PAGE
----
The Association of Independent Festivals (AIF) has partnered with LGBT+ anti-abuse charity Galop and anti-spiking charity Stamp Out Spiking to bolster its Safer Spaces Charter at a time when concerns have been raised over possible vape spiking at festivals.

Live music industry umbrella organisation LIVE (Live music Industry Venues & Entertainment) has had an information request from Metropolitan Police chief inspector Matt Turner, who leads for the police nationally on Safer Spaces and VAWG (violence against women and girls).  He is understood to be keen to gauge whether there are any new trends or an increase/decrease in spiking incidents at festivals and events.

Stamp Out Spiking was established to tackle increasing incidents of spiking across the UK and worldwide by highlighting the dangers of spiking, and offering solutions to keep people safe in pubs, clubs, house parties and festivals. Galop works with LGBT+ people who have experienced abuse and violence.

AIF said the partnerships have contributed to new Safer Spaces resources that directly address the needs of LGBT+ survivors of abuse, and the broader issue of spiking. The charities will supply practical training and resources to promote best practice among staff at the association’s member festivals.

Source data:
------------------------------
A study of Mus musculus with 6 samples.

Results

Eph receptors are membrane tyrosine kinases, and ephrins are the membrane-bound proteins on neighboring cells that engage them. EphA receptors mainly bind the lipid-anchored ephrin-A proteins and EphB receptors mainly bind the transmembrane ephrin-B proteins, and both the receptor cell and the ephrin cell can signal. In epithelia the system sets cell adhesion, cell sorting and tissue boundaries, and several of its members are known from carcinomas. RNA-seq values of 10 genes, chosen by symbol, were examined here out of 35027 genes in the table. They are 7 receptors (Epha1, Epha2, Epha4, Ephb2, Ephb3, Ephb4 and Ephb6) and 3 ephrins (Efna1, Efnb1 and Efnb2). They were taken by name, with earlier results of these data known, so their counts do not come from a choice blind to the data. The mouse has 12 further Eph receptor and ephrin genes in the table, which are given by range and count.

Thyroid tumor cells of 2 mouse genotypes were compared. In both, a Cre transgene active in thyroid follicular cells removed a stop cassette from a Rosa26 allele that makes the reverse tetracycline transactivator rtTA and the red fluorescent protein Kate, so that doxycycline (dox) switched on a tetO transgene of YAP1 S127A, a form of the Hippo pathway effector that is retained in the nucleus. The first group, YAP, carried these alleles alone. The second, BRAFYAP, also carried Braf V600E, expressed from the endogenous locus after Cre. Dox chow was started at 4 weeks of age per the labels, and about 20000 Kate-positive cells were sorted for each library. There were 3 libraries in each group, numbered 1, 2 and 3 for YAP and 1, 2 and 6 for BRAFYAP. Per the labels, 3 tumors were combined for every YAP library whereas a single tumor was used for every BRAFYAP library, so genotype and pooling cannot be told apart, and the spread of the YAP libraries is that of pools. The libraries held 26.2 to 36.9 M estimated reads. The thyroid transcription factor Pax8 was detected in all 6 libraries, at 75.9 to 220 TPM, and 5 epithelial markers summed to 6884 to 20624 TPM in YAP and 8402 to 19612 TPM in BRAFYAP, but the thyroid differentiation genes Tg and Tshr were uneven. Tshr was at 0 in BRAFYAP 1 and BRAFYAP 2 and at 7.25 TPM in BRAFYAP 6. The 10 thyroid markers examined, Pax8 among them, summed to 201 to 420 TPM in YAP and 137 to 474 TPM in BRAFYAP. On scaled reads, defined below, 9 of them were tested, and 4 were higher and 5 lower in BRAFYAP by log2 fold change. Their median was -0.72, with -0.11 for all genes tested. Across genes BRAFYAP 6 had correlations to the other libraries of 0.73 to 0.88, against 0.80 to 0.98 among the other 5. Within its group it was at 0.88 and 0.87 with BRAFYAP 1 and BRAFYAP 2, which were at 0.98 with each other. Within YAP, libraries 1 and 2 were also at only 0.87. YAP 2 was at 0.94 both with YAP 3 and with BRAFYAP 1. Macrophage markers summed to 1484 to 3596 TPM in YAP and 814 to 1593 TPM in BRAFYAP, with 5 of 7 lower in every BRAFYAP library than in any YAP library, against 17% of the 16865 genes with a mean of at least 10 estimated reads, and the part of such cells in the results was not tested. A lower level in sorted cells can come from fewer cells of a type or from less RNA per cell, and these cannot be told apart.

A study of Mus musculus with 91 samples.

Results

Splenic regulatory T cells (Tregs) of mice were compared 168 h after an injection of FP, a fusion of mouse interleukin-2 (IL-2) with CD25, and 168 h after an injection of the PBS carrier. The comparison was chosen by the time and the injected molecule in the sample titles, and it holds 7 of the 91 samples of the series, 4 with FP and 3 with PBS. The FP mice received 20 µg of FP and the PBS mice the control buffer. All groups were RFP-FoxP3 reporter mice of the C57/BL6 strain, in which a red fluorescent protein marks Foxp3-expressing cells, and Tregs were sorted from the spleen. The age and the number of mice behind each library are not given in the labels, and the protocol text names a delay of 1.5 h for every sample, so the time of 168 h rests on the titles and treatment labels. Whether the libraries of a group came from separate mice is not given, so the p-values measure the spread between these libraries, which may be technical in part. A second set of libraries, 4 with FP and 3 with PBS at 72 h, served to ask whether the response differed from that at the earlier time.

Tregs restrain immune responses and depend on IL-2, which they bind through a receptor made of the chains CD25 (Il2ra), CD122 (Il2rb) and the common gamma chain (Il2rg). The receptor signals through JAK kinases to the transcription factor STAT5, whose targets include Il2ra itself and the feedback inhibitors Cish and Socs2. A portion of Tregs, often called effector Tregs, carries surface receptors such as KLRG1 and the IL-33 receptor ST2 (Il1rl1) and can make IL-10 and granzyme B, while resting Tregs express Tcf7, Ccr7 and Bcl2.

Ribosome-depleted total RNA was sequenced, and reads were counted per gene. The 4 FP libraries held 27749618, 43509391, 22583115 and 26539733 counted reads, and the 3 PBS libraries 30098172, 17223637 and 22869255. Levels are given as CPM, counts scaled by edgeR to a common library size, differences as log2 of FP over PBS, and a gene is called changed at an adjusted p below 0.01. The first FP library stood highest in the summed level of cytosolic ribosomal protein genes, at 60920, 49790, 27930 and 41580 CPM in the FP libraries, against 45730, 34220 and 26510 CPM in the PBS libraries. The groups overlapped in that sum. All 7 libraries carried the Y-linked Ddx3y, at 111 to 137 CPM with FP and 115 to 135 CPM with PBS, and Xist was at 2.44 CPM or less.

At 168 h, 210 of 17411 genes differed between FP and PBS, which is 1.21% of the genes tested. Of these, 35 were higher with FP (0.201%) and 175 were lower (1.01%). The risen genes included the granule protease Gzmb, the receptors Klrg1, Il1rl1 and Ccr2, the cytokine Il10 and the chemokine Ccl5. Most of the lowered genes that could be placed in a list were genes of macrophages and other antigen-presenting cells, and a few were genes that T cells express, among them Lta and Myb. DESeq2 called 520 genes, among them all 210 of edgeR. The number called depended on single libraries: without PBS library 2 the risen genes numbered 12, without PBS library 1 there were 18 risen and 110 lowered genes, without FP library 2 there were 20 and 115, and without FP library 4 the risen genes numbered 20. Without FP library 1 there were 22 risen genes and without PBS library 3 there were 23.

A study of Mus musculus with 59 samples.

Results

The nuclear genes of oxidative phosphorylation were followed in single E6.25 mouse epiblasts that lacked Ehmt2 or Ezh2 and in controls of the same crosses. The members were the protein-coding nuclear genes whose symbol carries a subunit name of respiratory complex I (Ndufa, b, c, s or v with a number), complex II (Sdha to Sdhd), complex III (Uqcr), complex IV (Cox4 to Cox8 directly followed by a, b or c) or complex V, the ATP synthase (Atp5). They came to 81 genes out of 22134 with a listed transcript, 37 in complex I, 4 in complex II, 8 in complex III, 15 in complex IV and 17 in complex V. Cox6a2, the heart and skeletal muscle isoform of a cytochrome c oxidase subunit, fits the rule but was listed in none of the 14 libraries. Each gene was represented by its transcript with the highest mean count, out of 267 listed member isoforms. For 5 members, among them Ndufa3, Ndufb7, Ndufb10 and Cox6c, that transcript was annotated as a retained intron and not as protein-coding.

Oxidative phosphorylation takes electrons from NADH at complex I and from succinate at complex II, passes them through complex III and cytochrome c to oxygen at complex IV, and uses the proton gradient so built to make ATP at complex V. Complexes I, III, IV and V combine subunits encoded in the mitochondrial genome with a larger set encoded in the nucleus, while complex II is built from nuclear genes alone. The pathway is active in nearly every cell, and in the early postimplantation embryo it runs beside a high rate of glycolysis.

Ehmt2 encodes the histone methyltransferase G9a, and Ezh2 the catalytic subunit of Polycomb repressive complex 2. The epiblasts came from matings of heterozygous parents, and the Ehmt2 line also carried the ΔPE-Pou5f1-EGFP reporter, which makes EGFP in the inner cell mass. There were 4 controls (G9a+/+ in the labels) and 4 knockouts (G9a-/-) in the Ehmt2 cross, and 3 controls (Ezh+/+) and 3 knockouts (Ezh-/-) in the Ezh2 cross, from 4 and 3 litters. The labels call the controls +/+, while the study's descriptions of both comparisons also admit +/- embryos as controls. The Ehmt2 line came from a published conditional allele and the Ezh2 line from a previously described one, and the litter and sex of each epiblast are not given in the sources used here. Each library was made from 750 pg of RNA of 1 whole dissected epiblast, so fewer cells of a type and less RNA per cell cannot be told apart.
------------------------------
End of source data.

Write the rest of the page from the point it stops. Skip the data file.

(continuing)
Launched in May 2017, AIF’s Safer Spaces campaign sees festivals commit to a charter of best practice developed with guidance from charities including Rape Crisis England And Wales, Good Night Out, Safe Gigs For Women, Girls Against and UN Women.

AIF’s Safer Spaces Charter states that all allegations of sexual harassment, assault and violence will be taken seriously, acted upon promptly and investigated at AIF member festivals. This is supplemented by a commitment to clear, robust reporting and disclosure procedures, including how to report incidents onsite and post event.

Galop deputy CEO Amy Roch said, “By including LGBT+ survivors in the AIF Charter, AIF is sending a powerful message that everyone deserves to feel safe and respected, and that LGBT+ specialised support is available to those who need it.”

Stamp Out Spiking founder Dawn Dines said, “We’re delighted to join forces on our mission to stamp out spiking with the Association of Independent Festivals. Working together will make such a difference in safeguarding men and women at festivals across the UK. Highlighting how these cowardly crimes are taking place, sharing key information on the typical signs and symptoms, will make it so much more difficult for perpetrators and ultimately safeguard festival goers.”

AIF membership & operations coordinator Phoebe Rodwell-Carson said, “We hope to build on this with as many festival organisers as possible, supporting them in upholding their duty of care towards music fans and festival staff, whilst ensuring we remain inclusive and open to all.”